International Women’s Day 2023 — Interview with Heather McGhie

March 8, 2023

The theme for this year’s International Women’s Day (IWD) is #EmbraceEquity, encouraging all of us to reflect on the idea of a diverse, inclusive and gender equal world and how we can all take steps towards creating that world together. At DMCL, we’re celebrating IWD and the opportunity to show our appreciation for our staff, partners and clients who identify as women and to mark their achievements.

This year, we sat down with one of DMCL’s newest partners, Heather McGhie, to collect her thoughts on her experiences as a woman in accounting, the evolving role of women as leaders in the workplace and how we can all support and amplify the voices of women in our day-to-day lives:

In your own words, what does International Women’s Day mean to you?

To me, today is an opportunity for us to have discussions about the realities that women actually face on a daily basis. Not just the disparity between genders for things like pay and career opportunities, but also things like the types and levels of work that women are often expected to do. I think during COVID especially it was pretty apparent that women are still expected to take on tasks like childrearing and housekeeping at the sacrifice of their careers, even if they’re in the same situation as their male counterparts. These are the kinds of issues that need to be discussed.

What would you say are the challenges you’ve faced as a woman in accounting?

It’s hard to point to specific examples because it can really be an everyday thing. The presence of microaggressions is quite apparent, which you unfortunately get used to as a woman, and the “old boys’ club” mentality is a big barrier to overcome in the business world, especially if you work in an industry with a high proportion of male colleagues and clients.

What ways have you learned to overcome those barriers and biases?

I’ve found the best way to get past these biases is learning how to read people and figuring out the right method to respond to their behaviour. Some people just need to be checked on things they say or do and will react positively to being challenged; however, others certainly won’t react that way and you’ll need to try another approach to working with them. Another important resource is the support of male allies who are in your corner; they play a critical role in promoting a respectful and equitable workplace.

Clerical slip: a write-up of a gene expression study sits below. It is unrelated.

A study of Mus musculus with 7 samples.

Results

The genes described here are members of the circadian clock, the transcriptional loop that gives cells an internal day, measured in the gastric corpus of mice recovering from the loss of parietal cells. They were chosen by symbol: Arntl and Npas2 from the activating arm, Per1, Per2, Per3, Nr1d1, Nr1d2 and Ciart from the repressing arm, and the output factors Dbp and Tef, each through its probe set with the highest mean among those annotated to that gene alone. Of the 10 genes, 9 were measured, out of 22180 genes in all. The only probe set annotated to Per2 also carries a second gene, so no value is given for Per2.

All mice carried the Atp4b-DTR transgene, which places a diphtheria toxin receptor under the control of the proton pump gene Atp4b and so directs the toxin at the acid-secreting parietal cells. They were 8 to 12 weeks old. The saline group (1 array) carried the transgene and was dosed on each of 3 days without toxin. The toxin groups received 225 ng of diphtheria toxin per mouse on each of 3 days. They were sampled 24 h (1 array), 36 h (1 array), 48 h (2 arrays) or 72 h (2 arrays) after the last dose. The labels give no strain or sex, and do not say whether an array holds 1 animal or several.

How have you seen the role of women in accounting change over your career?

It’s been really great to see more women coming into more senior and executive roles, like CEO, CFO, Partner, etc. Especially in accounting, which is a field that has always been thought of as not a “girl’s profession”. Unfortunately, this progress doesn’t come easily or without issues—there’s definitely some pushback from traditionalists who’ve been fighting against it, which is sad to see, but that doesn’t mean it’s not worthwhile progress.

What advice would you give to young women who are just starting their careers in accounting?

I think my biggest piece of advice would be: don’t be afraid to use your voice. Remind yourself that your thoughts and opinions are valid, and don’t hold back when some people try to suppress them. There are times where you’ll be talked over during a meeting, or you even might be told that nobody wants to hear what you think. You shouldn’t ever accept that kind of treatment.

What kind of education and mentorship programs do you think would make a big impact in promoting the advancement of women in accounting?

I think the greatest tool for empowering and building confidence in anyone is to provide them with strong mentorship. Having more opportunities for women with experience to mentor other women is huge, whether that’s through formal programs or informal activities. Similar to the idea of how men will often invite other men to lunch or to the golf course where they build those relationships, women need the same opportunities to help them succeed.

What impact do you believe women in leadership positions can have on their organization?

I think there’s certain skills that come inherent with rising to a leadership position as a woman which can benefit an organization. Women often have a strong sense of compassion and can help build a more emotionally-safe culture in their workplace, which is a big factor in attracting and retaining a diverse roster of employees. On top of that, there have been studies that show that having women in those decision-making roles actually benefits a company’s bottom line too, so it really helps achieve your end goal as well.

In your experience and your work with clients, what are some of the biggest challenges you see facing women-led businesses?

On the private side of things, there’s this sentiment out there that’s stuck around since the 50s or so that says when a woman runs a small business it’s just a “hobby business” or something to do when they’re not minding the kids or the house. This is obviously very outdated, but you’d be surprised how often I encounter it. I think women deserve to be taken more seriously and given more respect for the work they put into running and growing a small business.

In terms of larger women-led businesses and public companies, there’s that “old boys club” issue I mentioned earlier which is definitely a barrier to achieving diversity in a leadership group, especially in companies that have traditionally held few women in executive positions. I think companies that focus on promoting and elevating women to be decision-makers will find that the newfound diversity is a strength and not a weakness.

At DMCL, we’re proud to support women in business. Learn more about how Heather is helping women-owned and led businesses achieve their goals, and read our blog post on support for women entrepreneurs for more resources.